MAIN ATTRACTIONS OF '96 : Fairbrother's one-day wonderland

Cricket World Cup: Lancashire batsman joins the touring party to prepare for a job he was made for
AN enduring image of the last Cricket World Cup final is of Neil Fairbrother limping forlornly off the pitch under the Melbourne floodlights. With his despairing, flailing top edge into the Pakistani wicketkeeper's hands, English hopes had disappeared.

"It stays with you a bit when you get so close in that sort of match," said Fairbrother last week. "I'd love to get another chance to go just one stage further and win it. We have the players and the spirit there to do it."

For 90 minutes at the MCG four years ago, Fairbrother, in his scurrying, urgent manner, ensured that England stayed in touch with a demanding run rate. He and Allan Lamb put on 72 in 14 overs and the target of 249 hove into view. It recededabruptly. Wasim Akram removed Lamb and Chris Lewis in successive balls with venomously late swinging deliveries - perhaps the most abiding memory of all - and Fairbrother pulled a hamstring. He batted on in pain, and with a runner, for a few overs but on 62, the top score for England, he made his terminal lunge. The hamstring has troubled him ever since.

The Lancashire batsman joined the England party in South Africa last week as one of four limited-overs specialists put on stand-by for the 1996 World Cup in India, Pakistan and Sri Lanka. With the recent addition of Phillip DeFreitas to that number and the arrival of Jason Gallian into the main touring party, a total of 22 players may be competing for the 14 squad places in the tournament.

The necessary culling will be carried out during the seven one-day internationals which England will play against South Africa by way of warm-up between 9 and 21 January. Fairbrother is unlikely to be discarded, for he has developed a reputation as the one-day player par excellence, a rapid, dominating batsman capable of inspired improvisation and a fielder of similar attributes.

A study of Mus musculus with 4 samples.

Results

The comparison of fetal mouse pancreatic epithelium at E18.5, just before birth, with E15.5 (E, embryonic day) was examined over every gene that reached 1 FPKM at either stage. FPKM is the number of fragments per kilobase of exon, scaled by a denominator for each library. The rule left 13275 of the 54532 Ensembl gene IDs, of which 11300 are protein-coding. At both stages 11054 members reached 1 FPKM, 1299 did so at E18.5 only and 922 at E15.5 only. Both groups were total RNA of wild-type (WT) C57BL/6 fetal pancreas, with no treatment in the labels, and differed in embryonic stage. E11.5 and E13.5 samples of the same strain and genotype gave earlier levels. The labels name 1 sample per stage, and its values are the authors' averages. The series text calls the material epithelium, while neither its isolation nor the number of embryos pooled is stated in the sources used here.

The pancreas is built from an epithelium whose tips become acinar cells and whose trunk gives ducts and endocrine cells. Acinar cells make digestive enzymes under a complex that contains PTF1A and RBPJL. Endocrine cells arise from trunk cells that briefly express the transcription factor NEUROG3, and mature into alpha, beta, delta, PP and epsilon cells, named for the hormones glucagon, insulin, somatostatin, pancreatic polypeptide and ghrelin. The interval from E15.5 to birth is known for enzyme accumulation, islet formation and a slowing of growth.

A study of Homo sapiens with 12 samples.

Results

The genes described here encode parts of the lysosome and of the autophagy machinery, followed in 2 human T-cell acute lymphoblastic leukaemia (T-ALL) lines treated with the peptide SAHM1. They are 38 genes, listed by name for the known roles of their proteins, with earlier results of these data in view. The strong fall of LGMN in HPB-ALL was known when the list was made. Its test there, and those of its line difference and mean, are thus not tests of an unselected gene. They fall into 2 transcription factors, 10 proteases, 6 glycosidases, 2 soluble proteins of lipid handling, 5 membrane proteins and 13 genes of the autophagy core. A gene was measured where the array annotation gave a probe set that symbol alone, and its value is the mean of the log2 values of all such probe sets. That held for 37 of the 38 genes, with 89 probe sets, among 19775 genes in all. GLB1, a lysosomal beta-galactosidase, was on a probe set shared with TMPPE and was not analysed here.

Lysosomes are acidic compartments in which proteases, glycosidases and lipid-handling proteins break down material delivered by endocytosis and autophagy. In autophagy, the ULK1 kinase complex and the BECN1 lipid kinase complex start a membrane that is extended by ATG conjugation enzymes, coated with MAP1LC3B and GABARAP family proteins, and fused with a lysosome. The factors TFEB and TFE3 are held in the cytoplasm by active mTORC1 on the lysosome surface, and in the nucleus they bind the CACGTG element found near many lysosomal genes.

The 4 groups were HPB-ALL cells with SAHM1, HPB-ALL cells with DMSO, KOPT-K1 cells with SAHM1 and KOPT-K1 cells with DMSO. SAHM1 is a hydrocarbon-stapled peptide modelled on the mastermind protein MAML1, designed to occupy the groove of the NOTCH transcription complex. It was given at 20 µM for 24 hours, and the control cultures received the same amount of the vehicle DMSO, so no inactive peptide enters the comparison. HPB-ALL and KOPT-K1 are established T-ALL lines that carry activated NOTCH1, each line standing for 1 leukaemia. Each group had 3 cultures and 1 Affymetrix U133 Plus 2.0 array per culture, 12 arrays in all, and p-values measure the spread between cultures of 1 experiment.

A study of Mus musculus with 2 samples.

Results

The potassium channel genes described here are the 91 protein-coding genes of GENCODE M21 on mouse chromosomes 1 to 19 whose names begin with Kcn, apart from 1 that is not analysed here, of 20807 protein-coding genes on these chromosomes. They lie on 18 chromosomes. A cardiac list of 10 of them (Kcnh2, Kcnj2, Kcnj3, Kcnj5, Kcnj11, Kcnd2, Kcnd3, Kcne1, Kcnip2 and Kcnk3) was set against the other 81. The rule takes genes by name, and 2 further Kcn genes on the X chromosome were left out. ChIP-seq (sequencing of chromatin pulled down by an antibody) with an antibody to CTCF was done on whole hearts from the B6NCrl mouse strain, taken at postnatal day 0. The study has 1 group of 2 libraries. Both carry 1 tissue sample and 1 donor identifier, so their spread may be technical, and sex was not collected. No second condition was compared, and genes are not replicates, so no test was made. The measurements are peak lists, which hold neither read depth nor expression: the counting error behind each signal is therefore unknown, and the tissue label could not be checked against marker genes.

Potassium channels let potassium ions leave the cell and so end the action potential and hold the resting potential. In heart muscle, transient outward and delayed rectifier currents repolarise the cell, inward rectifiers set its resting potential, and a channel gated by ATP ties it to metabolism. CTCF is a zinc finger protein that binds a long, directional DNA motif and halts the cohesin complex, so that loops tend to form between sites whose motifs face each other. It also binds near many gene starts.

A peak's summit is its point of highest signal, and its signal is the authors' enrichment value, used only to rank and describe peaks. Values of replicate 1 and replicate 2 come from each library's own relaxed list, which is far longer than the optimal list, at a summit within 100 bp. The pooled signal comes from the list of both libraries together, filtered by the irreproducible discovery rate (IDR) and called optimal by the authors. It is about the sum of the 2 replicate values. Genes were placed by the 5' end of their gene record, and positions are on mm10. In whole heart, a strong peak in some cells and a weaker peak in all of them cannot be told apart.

He was barely considered for the Test series against the West Indies last summer yet he was an automatic inclusion in the squad for the one- day rubber which preceded it. His last innings for England at the Oval was entirely characteristic: an unbeaten 61 from 52 balls, a mixture of delicate nudges, scampered singles and rumbustious drives.

"Unfortunately, there's got to be something in the perception of me as purely a one-day player at international level," he said after a stringent test in Port Elizabeth confirmed he had maintained his fitness since the end of the English season and was ready not only for the topcricket ahead but the long- distance travelling during February and March. "If I could put my finger on what the difference was I'd do something about it. When people ask me I just don't know, but the figures are there."

They read that in 15 Test innings he has scored 219 runs at an average of 15.64 and that in 44 one-day international innings he has accumulated 1,226 at 39.44. Fairbrother the one-day batsman neither needs nor wants time to settle at the crease. His way of dealing with the pressure is to put the bowlers under pressure constantly. "If the ball is there to be hit then I just hit it," he said. "It doesn't seem to have happened quite like that in Tests. I'd like to redress the balance but I'm happy to be involved at any level.

"It's going to be hard after three months away from the game. I've been a bit rusty in the nets but I feel very fresh, I'm up for it."